Friday, October 5, 2012

‘New International Version Rock Solid Faith Study Bible for Teens’ – Book Review


Here is the synopsis of this (Holy) book:

Feeling uncertain about your life? The world? Your future? Looking for something secure to hold onto in turbulent and confusing times? Wanting to know more about God?
Address your questions and build a steadfast foundation for your faith with the NIV Rock Solid Faith Study Bible for Teens. Find traction for your beliefs and promises for your future. Discover constant and concrete truths rooted in the unchanging love and promises of God.

Features include:

·         Rock Solid TRUTHS: examine Christian beliefs and explorations of other religions
·         Rock Solid PRINCIPLES: applies the Bible to daily decisions and challenges
·         Rock Solid PROMISES: calls out what is (and is not) promised in the Bible
·         Rock Solid PLANS: explores God’s plan and will for your life
·         Unshaken PEOPLE: provides scriptural examples of overcoming difficulties
·         Unshaken GOD: points out God’s unyielding attributes

Reading plans, 8 pages of color maps, book introductions, and more!

I decided to focus on a favorite book of mine from the Old Testament and from the New Testament – Ecclesiastes and Romans. Here is the introduction to Ecclesiastes:

Ecclesiastes studies the meaning of life. The Teacher looks at wisdom, pleasure, work, power, riches, religion and other things. All of these have some value and are useful in the proper time and place, but they have lasting value only if God is at the center of a person’s life. Reverence and respect for God and a real devotion in serving God are the most important to make life meaningful. Without God, the Teacher says, “Everything is meaningless” (1:2) (p. 784)

Each book includes all of the ‘Rock Solid’ and ‘Unshaken’ components. In Ecclesiastes, in the ‘Unshaken GOD’ section is helpful for people of all ages:

God is satisfying.
Solomon would have fit well in our world. The richest guy of his day (1 Kings 3:13), this king of Israel wrote about nonstop pressure to get more. And you know how it goes. You buy something…anything…and before long you realize there is a must-have list of accessories, add-ons, and upgrades. That pressure to get more often comes from your surroundings, but much of it starts inside of you. Once you fall in love with money and material stuff, you won’t ever be satisfied with what you have. The problem isn’t owning or enjoying things, but is instead loving them more than people and God, the most important things ever.
So…How can you tell the difference between enjoying things … and loving them too much? (p. 789)

Very thought-provoking!

Here is the introduction to Romans:

This letter was written by Paul to the church in Rome in AD 56 or 57 as he was finishing his third missionary journey. Since Paul hoped to go to Jerusalem and then to Rome and Spain, he probably wrote this letter in preparation for his visit.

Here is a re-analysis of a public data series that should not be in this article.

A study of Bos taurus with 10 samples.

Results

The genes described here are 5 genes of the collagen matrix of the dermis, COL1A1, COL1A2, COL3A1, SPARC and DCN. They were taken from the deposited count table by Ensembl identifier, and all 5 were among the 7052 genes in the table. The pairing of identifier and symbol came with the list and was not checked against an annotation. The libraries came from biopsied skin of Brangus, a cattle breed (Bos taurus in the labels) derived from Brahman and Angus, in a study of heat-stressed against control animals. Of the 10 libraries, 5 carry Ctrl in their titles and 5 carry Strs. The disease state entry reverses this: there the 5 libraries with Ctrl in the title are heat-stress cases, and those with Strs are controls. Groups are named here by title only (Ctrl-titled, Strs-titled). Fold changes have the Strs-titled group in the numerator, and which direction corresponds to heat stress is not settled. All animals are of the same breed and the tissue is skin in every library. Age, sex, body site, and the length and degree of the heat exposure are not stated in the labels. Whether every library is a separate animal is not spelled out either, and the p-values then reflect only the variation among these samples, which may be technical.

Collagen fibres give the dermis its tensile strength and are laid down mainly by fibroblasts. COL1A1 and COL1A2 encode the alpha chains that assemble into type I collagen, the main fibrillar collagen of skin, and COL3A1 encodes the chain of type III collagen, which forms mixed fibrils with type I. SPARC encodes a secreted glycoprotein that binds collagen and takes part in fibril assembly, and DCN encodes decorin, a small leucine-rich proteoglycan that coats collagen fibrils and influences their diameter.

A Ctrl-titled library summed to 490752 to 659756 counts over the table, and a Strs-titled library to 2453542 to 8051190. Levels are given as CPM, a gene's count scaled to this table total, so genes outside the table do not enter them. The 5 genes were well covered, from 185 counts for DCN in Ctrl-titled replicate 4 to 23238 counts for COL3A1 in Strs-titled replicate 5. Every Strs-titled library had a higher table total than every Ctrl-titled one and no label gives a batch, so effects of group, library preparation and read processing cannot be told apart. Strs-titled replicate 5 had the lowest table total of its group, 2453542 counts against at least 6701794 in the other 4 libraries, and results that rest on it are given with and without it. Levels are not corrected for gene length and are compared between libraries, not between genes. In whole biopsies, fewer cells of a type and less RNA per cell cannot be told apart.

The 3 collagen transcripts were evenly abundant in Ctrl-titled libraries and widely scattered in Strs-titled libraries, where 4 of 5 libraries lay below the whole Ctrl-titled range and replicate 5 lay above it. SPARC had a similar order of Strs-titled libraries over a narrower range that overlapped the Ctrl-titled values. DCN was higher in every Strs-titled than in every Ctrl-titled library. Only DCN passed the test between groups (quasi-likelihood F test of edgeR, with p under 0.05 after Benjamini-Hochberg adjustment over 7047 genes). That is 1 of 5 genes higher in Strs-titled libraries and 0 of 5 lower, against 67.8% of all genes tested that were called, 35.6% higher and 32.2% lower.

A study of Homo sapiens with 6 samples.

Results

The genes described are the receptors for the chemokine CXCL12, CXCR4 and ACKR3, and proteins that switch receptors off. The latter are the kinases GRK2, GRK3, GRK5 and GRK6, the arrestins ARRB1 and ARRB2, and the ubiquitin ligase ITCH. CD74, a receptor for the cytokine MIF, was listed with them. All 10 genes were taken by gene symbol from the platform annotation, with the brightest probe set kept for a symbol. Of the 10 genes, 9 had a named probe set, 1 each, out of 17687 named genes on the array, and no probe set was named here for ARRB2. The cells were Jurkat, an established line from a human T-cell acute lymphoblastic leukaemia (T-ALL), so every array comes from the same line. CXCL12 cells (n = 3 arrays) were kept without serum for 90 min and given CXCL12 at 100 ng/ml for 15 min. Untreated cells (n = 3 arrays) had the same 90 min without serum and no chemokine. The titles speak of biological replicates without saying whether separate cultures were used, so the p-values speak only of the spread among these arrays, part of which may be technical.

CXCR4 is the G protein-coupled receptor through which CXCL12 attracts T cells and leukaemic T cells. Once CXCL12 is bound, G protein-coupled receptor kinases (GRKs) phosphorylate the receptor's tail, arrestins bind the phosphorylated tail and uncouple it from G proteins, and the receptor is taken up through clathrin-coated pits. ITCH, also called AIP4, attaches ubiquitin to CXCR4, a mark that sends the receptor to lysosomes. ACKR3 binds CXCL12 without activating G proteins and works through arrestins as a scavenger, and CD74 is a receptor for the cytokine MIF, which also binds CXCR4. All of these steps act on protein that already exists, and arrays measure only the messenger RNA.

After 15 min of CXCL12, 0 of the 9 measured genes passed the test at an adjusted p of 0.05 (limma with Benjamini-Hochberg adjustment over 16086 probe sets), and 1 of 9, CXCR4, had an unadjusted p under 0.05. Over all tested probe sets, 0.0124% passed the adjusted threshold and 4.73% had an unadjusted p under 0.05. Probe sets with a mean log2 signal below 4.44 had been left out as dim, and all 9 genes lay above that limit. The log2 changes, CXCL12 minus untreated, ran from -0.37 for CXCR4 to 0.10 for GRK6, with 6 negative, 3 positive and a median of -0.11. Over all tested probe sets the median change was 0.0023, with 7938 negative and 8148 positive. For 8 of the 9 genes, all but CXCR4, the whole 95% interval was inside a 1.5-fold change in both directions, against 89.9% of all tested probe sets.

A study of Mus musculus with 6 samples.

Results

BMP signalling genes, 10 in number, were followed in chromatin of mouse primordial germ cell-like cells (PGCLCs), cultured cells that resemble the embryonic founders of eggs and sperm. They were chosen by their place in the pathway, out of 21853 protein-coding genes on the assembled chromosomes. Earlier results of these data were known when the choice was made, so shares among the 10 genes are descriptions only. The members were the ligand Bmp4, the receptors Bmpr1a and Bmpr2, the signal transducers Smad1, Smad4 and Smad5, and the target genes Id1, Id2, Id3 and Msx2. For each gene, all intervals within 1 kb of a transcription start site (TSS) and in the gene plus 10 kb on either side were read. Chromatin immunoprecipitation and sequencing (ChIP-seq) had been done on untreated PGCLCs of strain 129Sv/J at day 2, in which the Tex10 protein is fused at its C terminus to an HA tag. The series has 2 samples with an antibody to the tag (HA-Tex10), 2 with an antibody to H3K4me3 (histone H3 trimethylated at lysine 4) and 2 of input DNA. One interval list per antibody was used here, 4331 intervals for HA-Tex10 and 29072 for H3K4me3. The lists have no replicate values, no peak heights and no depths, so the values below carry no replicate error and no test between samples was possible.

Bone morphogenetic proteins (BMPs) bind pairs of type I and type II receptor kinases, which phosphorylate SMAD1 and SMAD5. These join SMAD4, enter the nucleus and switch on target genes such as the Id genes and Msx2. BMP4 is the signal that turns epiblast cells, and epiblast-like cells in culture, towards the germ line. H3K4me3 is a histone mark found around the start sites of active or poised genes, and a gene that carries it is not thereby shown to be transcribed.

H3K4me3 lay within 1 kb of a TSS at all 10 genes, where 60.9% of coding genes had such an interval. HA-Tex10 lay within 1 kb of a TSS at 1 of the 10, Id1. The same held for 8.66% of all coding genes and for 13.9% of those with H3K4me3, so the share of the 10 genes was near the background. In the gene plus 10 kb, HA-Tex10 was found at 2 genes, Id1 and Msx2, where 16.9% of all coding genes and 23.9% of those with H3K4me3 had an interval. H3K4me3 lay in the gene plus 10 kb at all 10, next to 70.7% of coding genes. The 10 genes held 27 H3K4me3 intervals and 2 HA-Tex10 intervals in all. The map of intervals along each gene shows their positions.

The theme of this letter is righteousness. Paul teaches in this letter that: (1) no human being is righteous; (2) Jesus Christ is perfectly righteous; (3) if we have faith in Jesus, we are freed from the power of sin, given a new life, and returned to a right relationship with God; (4) we should live Christian lives that are “holy and pleasing to God.” (p. 1331)

Under ‘Rock Solid PRINCIPLES,’ there is a good point that is made:

        Show respect.
Garrett thought his safety-freak shop teacher was as dumb as a stump, like the blocks of wood he and his classmates were crafting into little foot stools. Garrett had spent endless hours with his dad sawing and hammering to renovate their old house, and he still had all his fingers. Even though Garrett hadn’t used all the big machines in the school shop, he didn’t feel any need to listen during his teacher’s demonstrations. One day Garrett dropped a plank of wood on a table saw and shoved it toward the blade. An instant later the wood shot back like an overgrown spear, barely missing him before it cracked loudly into a wall.
You know it is right to submit to people in authority over you, from parents and police to teachers and bosses. That doesn’t make obedience easy. So remember it was God who created the chain of command and put people over you. You can count on them to help you, even if they don’t seem to deserve your respect. Every authority in your life “is God’s servant for your good” (Romans 13:4) (p. 1347)

Overall, I found this particular Bible to be terrific for teens – perhaps even for pre-teens. The version I reviewed is hardcover; it would make a great gift! And the NIV translation is reader-friendly, so it will be easy to digest for a young person. Overall, I give it a glowing recommendation!  

This book was published by Zondervan Publishers and provided by The B & B Media Group for review purposes.